It ain’t nobody perfect on this green earth of God’s, preachers nor nobody else. And you can tell people better how terrible sin is if you know from your own personal experience.

– Flannery O’Connor, Wise Blood (1952)

It is a great tragedy that Southern gothic is dead*. Arguably the most fascinating literary movement in American history, the southern gothic genre was the playground for some of the greatest American authors of the twentieth century, including Eudora Welty, William Faulkner, Tennessee Williams, and of course, Flannery O’Connor. The elements of grotesque, dysfunction, and of god-fearing pariahs in the south illuminated a cultural and social history of the region which was wholly unique and remote. These very elements have become something of parody in the twenty-first century, as these elements are bandied about, devolving into hackneyed tropes and venturing further into absurd horror-comedy (you know, half-naked teenagers on a roadtrip to Texas, passing by abandoned petrol stations and colonial mansions). The emphasis has been strewn towards the shock value of the horrific and grotesque, and away from fundamental social statements about life in the South.

*Well, with one notable exception – Tracy Letts. I would venture that Letts is the modern equivalent of Flannery O’Connor, who is able to make significant statements about the Southern life, while expertly weaving the classical elements of the southern gothic genre. The plays Bug and Killer Joe would not be out of place in O’Connor’s A Good Man Is Hard to Find, in which aberrant and slovenly misfits satiate in insanity and violence, all on the fringes of ‘decent’ society’. August: Osage County is remarkably the most sedate of Letts’ works, but loses none of the gothic qualities of the genre. Like Bug, it largely takes place in a single location – the Weston mansion, a fortress of drawn curtains and stifling heat in the Oklahoma summer. It creates an atmosphere of intense claustrophobia which, in Bug, fosters a maelstrom of paranoia and blurred lines of fantasy/reality. The claustrophobia in the Weston house, however, is one of confinement and regression – being stuck in the past and simultaneously continuing to harbour secrets and resentments that merely bounce off the confines of the moth-eaten drapes.

In contrast to the perpetual suffocation and darkness of the house, we are shown the seemingly infinite vastness of the Oklahoma landscape: endless hay fields and a looping stretch of road, sheltered by a cruelly bright sky. Unlike the play, we are able to see the world outside of the Weston house, and it is a critical display because the miles of Osage County become characters themselves. While the majority of the characters are chafingly bound to the confines of the house and all it represents (stagnation, repression, obscurity), the tantalisingly open stretch of Osage County road is representing the world out there and ultimately, moving on; Barbara’s departure at the end of the film is beautifully and starkly contrasted with Vi’s ornery and nearly childlike attachment to the darkness of the house, forever chained as she is to the binds of bitterness and the past.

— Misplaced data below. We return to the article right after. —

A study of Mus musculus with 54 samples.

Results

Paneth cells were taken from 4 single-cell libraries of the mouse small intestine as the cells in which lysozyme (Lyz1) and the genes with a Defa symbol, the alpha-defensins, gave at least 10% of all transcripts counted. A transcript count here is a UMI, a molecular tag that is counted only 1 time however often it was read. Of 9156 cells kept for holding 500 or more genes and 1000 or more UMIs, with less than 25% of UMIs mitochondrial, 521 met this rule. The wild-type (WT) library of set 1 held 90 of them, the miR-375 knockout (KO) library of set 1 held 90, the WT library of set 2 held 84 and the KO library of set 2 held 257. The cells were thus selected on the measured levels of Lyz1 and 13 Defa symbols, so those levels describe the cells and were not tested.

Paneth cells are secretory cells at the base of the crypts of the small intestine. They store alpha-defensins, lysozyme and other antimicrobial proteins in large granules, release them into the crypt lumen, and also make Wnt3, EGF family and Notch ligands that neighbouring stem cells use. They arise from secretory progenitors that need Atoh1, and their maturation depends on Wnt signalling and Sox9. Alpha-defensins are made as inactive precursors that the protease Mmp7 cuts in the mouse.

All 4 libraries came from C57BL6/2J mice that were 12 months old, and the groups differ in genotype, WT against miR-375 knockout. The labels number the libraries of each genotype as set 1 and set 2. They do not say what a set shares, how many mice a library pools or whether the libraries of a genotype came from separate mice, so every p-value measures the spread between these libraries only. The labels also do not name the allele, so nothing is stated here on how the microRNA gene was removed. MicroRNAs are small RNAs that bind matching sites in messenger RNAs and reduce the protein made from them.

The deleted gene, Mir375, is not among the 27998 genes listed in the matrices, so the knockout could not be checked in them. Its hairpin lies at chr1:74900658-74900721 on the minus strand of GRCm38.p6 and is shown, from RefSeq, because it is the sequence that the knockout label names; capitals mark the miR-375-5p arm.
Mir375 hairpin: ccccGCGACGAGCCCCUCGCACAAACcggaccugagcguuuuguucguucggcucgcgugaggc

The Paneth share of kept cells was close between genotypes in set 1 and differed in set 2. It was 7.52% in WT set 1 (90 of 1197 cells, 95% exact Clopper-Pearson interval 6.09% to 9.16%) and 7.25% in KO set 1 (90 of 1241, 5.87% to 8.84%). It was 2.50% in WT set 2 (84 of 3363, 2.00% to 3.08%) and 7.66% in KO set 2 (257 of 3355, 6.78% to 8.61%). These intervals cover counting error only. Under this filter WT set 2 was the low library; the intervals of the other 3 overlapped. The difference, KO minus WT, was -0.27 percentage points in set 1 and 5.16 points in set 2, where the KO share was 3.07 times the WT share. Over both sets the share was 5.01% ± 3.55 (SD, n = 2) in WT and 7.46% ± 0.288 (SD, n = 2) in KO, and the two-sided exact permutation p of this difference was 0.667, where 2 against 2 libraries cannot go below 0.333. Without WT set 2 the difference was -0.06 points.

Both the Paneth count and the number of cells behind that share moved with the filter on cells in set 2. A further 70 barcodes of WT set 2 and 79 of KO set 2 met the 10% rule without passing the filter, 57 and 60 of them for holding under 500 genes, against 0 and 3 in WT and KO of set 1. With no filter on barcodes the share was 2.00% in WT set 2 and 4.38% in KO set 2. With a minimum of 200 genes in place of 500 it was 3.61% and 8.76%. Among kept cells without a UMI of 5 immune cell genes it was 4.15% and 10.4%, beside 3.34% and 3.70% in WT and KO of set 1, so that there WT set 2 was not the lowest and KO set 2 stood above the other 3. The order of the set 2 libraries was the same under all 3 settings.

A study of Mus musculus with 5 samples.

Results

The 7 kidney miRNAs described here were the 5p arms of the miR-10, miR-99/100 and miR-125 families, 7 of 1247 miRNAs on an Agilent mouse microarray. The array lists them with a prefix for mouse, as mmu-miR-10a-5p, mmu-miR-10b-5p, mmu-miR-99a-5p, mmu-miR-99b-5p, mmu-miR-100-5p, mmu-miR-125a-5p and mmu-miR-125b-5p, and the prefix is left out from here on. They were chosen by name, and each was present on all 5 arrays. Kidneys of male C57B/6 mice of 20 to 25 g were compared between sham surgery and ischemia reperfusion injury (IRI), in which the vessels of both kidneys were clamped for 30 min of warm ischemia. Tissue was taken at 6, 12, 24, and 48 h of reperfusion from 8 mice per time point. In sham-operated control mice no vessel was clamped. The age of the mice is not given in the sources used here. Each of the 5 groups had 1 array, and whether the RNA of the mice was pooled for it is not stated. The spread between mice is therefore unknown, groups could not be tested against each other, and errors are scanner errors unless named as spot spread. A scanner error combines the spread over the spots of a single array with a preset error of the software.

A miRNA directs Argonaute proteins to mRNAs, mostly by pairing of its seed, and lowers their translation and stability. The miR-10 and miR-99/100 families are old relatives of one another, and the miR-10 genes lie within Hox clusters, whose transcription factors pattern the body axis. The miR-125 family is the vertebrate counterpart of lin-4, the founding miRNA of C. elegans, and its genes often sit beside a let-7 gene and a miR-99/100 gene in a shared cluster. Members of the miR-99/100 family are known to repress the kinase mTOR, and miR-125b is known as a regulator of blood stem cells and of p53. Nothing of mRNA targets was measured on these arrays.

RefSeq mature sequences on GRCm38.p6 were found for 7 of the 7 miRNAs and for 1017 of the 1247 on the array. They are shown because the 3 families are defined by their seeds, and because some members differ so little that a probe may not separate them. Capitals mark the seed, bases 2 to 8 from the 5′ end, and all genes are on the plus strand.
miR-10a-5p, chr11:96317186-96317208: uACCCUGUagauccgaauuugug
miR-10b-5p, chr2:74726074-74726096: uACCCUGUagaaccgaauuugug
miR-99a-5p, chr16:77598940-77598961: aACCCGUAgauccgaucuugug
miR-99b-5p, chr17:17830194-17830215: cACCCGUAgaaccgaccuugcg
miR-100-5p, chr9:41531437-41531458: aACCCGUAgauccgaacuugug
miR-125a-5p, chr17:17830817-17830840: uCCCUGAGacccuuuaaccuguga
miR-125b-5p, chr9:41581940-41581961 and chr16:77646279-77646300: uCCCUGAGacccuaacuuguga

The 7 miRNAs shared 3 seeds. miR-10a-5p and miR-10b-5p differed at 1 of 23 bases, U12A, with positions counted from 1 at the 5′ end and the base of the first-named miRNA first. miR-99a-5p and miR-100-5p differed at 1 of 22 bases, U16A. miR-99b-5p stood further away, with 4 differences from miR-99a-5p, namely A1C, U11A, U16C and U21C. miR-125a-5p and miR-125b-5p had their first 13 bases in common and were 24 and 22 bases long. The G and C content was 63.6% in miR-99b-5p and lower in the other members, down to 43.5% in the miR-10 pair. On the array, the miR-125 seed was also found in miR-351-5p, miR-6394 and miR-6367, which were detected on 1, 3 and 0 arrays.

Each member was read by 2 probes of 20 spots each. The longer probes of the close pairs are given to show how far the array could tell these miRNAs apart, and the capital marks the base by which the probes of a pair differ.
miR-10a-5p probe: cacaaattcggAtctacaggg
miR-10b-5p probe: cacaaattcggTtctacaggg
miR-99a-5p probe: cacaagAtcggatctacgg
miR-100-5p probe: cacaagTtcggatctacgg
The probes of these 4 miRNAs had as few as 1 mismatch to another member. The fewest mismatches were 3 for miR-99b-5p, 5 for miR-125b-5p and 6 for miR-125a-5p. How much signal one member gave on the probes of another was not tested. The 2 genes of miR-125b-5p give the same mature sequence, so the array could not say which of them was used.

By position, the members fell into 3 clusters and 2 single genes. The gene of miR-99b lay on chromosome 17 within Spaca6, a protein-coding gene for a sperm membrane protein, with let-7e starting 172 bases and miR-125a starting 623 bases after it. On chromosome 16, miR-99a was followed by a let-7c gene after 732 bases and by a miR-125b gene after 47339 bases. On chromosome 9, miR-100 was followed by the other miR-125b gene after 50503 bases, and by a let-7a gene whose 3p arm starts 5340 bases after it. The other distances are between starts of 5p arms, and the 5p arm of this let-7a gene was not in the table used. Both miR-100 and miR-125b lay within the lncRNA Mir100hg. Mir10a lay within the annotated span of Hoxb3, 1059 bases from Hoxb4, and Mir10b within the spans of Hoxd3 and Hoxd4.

The possibility of ‘theatricality’ in film adaptations is too common a curse, but it is blessedly avoided here because of Letts’ impeccably tight screenplay, making certain that no action and no word is without intention or consequence. Moreover, the irreproachably assembled cast act so naturally as to shed the illusion of theatre, and simply are their characters, all playing on equally elevated ground. Streep, however, is an unassailable titan, gliding from spitting harpy in one instant to pitiable wreck in the next. Does the film err on the side of melodrama? Perhaps, but necessarily so – it is about family after all, and no family is without a spot of drama. While the dysfunction may be turned up to ’11’, the roots of southern gothic are never lost, embodied within the walls of the Weston house. It is an immensely uncomfortable, sometimes humourous, but often sad deconstruction of familial relations. Every family has secrets, and some hold on to them much longer and more desperately than others; not so melodramatic after all, perhaps.